Where have I seen that dress before? Indian designer accuses Christian Dior of stealing his ideas

A section of the print that Orijit Sen accused Christian Dior of stealing. (Courtesy: Facebook)

NEW DELHI – An Indian designer has accused high-end fashion brand Christian Dior of copying his designs on a dress, in the latest of a string of claims by small-time designers that big fashion houses use their work without acknowledgment or permission.

Orijit Sen, who said he penned designs of a man doing yoga poses in 2000 said he was “shocked” when he saw an Elle India magazine cover with Bollywood starlet Sonam Kapoor wearing a printed dress that resembled his work – down to the same yoga poses and color combination. “I couldn’t believe they’ve copy-pasted my artwork and used it as part of an international collection,” he said.

Sen’s yoga designs have been blockprinted on T-shirts and fabrics and sold for years by Indian clothing brand People Tree which has shops in New Delhi and the tourist hub of Goa. “[Christian Dior has] a hundred times the resources that we do and yet we are creating original work and they’re stealing from us,” said Sen, speaking over the phone.

Christian Dior’s dress bears a print that is remarkably similar, but that features additional yoga poses and flowers. The company did not respond to requests for comment.

Sen is not alone. In 2016, at least 20 independent artists accused high-street brand Zara of copying their illustrations and designs on the brand’s clothing. In 2017, a designer accused Kylie Jenner of stealing designs from her camouflage swimwear line.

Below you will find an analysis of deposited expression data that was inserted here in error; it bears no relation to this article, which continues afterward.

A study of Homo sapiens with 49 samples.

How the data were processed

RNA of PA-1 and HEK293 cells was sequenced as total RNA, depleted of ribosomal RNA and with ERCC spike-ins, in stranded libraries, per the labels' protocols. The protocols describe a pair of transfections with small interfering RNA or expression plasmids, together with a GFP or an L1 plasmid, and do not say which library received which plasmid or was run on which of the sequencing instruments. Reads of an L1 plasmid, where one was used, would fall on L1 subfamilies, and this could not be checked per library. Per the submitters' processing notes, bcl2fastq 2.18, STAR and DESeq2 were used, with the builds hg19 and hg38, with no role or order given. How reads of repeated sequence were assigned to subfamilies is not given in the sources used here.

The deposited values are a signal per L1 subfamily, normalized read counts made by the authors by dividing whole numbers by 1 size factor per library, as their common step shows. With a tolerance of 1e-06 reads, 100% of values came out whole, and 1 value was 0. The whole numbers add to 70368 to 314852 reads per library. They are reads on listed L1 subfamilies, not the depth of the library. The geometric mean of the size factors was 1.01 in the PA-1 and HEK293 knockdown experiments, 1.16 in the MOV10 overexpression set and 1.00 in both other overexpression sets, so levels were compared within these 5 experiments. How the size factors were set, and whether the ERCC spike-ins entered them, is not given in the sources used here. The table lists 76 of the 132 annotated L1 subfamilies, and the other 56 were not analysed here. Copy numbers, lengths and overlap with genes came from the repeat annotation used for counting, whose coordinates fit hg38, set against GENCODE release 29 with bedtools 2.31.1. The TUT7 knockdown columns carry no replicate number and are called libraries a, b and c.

After he saw the Elle magazine cover, Sen posted an image on Facebook showing his design next to Christian Dior’s and titled it “Unchristian Dior.” The image has been shared widely on social media and fashion blogs in India.

Sen said working with Indian artisans and reviving traditional crafts like blockprinting is at the heart of his work as an artist. His designs, he said, put a contemporary twist on traditional artworks so that artisans can remain relevant as fashion trends change. “This feels like a huge blow to the entire idea of supporting crafts,” he said. “Despite making huge profits, big fashion houses don’t think to give back anything. It’s a generally exploitative situation. It’s a big corporation feeding off smaller people,” he said.

Intellectual property expert Kiran Desai, a partner at Indian Law Partners said that India’s copyright laws are weak and artists often do not know how to protect themselves. “None of these artists have the desire, or financial ability or time to take on the legal process,” he said.

Plus, he pointed out, copying happens in both directions – small Indian manufacturers often mass-produce cheap versions of runway collections. The problem is so increasingly rampant, that in 2017, top Indian designers Anita Dongre and Anju Modi started patenting their collections to prevent small retailers from reusing their designs.

Sen said he is still deciding whether to take Christian Dior to court. “We’ve had many of our designs stolen in the past, but not by a fashion house this big,” he said. “I can understand when other craftspeople do it, who don’t have the resources. This takes that further, it’s like being a parasite on artists.”